The Texas Tech football fanbase
has felt like a scarlet-haired stepchild for quite some time now. Mike Leach,
who was adored almost unconditionally by the football crazies of west Texas,
never completely reciprocated that infatuation. Whether convinced by 60 Minutes and the New York Times that he was too big for Lubbock, or for some other
reason, Leach never unequivocally stated his desire to be a Red Raider for the
long haul. On the contrary, he seemed to sound out virtually every new coaching
vacancy that appeared.
Tommy Tuberville’s tenure was a different was a different
story altogether. The Tech fanbase, although fully
certain that Tuberville was the best available candidate for the Tech job at
the time, just never adopted the former Auburn boss as one of their own. Part
of the reason was the continued devotion to Leach by many, but too, Tuberville
just never seemed to fully mesh with west Texans. The relationship simply never
clicked. And a mediocre three seasons in the Hub City did little to warm the
cockles of anybody’s heart. Thus, when Tuberville suddenly bolted to the
University of Cincinnati, no tears were shed on either side.
But in Tuberville’s wake there remained a palpable yearning
for a true Red Raider to take the Tech helm. Red Raider fans almost desperately
wanted a coach who bled the school colors, a coach who genuinely wanted to be
And then, almost like something out of prophecy, a coaching
prodigy arose. And not only that, this shooting star in the coaching firmament
was a Red Raider by dint of degree and blood, sweat and tears expended on the
gridiron. Kliff Kingsbury was his name and there was scarcely any real doubt
that athletic director Kirby Hocutt would hire him to take over for Tuberville.
But Tech fans are a long-suffering bunch. They’ve known
disappointment far more than most. And because of this, at times excruciating
history, some fans had to wonder if perhaps Kliff Kingsbury was too good to be
Well, the jury is obviously still out regarding Kingsbury’s
ability to win football games; he has yet to coach his first game as the boss
on the sidelines. But it is becoming quite clear that Kingsbury truly is a Red
Raider to the very heart of his soul. The desire to have a genuine Red Raider
leading the program has been met in full.
And it is Kingsbury’s undying devotion to Texas Tech and
west Texas that forms the bedrock of his nascent tenure in Lubbock. It is the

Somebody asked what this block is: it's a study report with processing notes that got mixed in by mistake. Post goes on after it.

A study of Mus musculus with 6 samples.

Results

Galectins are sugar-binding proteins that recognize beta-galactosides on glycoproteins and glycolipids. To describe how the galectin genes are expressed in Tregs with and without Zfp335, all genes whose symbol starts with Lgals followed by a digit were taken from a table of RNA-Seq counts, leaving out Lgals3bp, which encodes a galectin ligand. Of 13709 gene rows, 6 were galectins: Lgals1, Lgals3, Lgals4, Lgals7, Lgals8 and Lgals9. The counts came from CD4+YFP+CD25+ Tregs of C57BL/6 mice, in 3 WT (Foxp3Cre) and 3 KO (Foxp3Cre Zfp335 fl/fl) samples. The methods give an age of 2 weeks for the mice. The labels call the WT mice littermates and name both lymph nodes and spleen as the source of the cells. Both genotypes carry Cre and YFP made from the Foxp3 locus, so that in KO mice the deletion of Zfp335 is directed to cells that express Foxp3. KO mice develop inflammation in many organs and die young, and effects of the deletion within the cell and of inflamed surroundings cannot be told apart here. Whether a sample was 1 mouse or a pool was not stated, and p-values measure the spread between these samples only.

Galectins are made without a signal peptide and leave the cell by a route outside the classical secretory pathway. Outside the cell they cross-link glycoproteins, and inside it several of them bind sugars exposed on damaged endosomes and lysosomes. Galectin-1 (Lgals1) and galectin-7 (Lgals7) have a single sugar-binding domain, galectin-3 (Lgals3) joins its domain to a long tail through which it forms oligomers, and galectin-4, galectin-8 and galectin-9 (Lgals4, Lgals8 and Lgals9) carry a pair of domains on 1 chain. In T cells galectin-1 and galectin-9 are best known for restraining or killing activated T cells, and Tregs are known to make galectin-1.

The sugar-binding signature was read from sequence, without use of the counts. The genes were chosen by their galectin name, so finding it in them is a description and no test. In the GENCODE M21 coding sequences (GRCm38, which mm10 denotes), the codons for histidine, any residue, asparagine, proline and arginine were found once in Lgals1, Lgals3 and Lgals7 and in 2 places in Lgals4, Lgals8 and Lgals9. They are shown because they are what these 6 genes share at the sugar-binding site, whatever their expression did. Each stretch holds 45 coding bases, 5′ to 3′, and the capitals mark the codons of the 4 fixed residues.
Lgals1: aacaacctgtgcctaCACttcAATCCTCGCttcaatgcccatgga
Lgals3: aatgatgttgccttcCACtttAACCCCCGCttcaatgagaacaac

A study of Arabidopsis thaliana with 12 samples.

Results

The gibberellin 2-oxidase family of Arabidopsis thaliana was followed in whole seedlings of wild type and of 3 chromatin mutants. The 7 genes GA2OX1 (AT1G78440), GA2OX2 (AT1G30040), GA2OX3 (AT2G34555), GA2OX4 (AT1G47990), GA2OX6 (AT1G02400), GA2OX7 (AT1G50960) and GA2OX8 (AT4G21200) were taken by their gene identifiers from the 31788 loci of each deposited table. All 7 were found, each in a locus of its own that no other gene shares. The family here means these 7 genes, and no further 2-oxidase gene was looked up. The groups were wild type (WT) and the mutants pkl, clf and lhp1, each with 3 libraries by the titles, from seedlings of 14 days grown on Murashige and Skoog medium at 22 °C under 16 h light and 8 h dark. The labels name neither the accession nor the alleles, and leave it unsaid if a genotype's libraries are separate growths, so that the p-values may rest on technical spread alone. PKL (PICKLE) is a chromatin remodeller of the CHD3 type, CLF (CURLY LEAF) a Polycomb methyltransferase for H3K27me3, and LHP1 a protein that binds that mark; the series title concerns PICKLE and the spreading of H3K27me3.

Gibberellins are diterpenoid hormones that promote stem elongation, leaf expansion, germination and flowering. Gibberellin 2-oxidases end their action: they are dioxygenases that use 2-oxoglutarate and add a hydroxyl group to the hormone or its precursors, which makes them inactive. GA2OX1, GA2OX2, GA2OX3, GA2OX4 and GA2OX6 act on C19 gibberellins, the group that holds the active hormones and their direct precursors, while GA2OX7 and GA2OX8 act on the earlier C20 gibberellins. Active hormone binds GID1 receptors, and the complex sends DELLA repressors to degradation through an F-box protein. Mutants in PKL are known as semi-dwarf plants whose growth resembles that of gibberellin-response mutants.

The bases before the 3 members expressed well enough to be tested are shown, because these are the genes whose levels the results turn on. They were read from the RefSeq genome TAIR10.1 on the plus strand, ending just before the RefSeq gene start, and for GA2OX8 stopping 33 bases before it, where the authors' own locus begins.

crux of the relationship between himself and his players. When he was initially
establishing that relationship, he said the following:
“Really just told them I love this place every bit as much
as you do if not more, told them this is my school as well. So really, just
letting them know from day one that we’re all in this together, I’m not
coaching from up on a soapbox, I’m down there on the ground level with y’all,
and how y’all go, we go. I think that was the main thing, just letting them
know we’re all in this together.”
Note the words “if not more” in the first sentence. They are
significant. Kingsbury is completely up front about his love for Texas Tech,
and with equal passion, wants his players to feel about the university the way
he does. Currently, Kingsbury looks at his squad and finds their Red Raider
“I don’t know if the appreciation for the university is what
it was when I was there,” admits Kingsbury when asked about the biggest
difference between the current program and the one he knew as a player.
“We gotta get those kids proud of
being at Texas Tech again and how fortunate they are to be a part of that
program. We don’t owe them anything; they owe Texas Tech. Just getting back
here at the beginning, I don’t know if I felt that.”
“We’re trying to instill that. You’re very fortunate to be
here, you ought to be proud of this place and act that way on and off the
field. So those are things we’re trying to instill in our team.”
One senses that this is not just a motivational ploy or a
tactic to produce inspired play, either. Kingsbury is guileless and sincere in
his feelings about Texas Tech and seems slightly perplexed that they are not
shared entirely by the players. For Kingsbury, this issue is
not about winning games, this issue is personal.
Kingsbury has no reservations about the passion of Tech
fans, however. Indeed, he is slightly taken aback by the outpouring of
affection they have directed Kingsbury’s way, but he chooses to see the real
target of this love as the program.
“I think all the
positive energy we [the fans] give back to the program is good. I understand we
haven’t played a game and I joke about how we’re still undefeated and that’s
why there’s a lovefest going on. But I do know we
have a lot of people that are working their butts off and love this school and
want to see it at its highest point,” Kingsbury declares.
Kingsbury’s Red Raider fire can mean many things, and one of
them is that there will be many moments of high emotion in his Tech tenure. For
him, a win at Tech will not merely be a win, and a loss will not be a tick in
the “L” column. He will live and die a bit on the sideline.
“The passion you have for that place [Texas Tech]--if you’re
a fan it’s tough enough if they lose a game, but when you’re coaching and a fan
of that school, it makes it that much more intense. But at this time I wouldn’t
want to be anywhere else,” Kingsbury says.
These are the sorts of words Tech fans never heard from Mike
Leach and Tommy Tuberville. In fact, they may not have been
uttered by any Tech football coach in school history. Kliff Kingsbury’s
won/loss record remains to be seen, but for those who wanted a real Red Raider
in charge for a change, they danged sure got their man.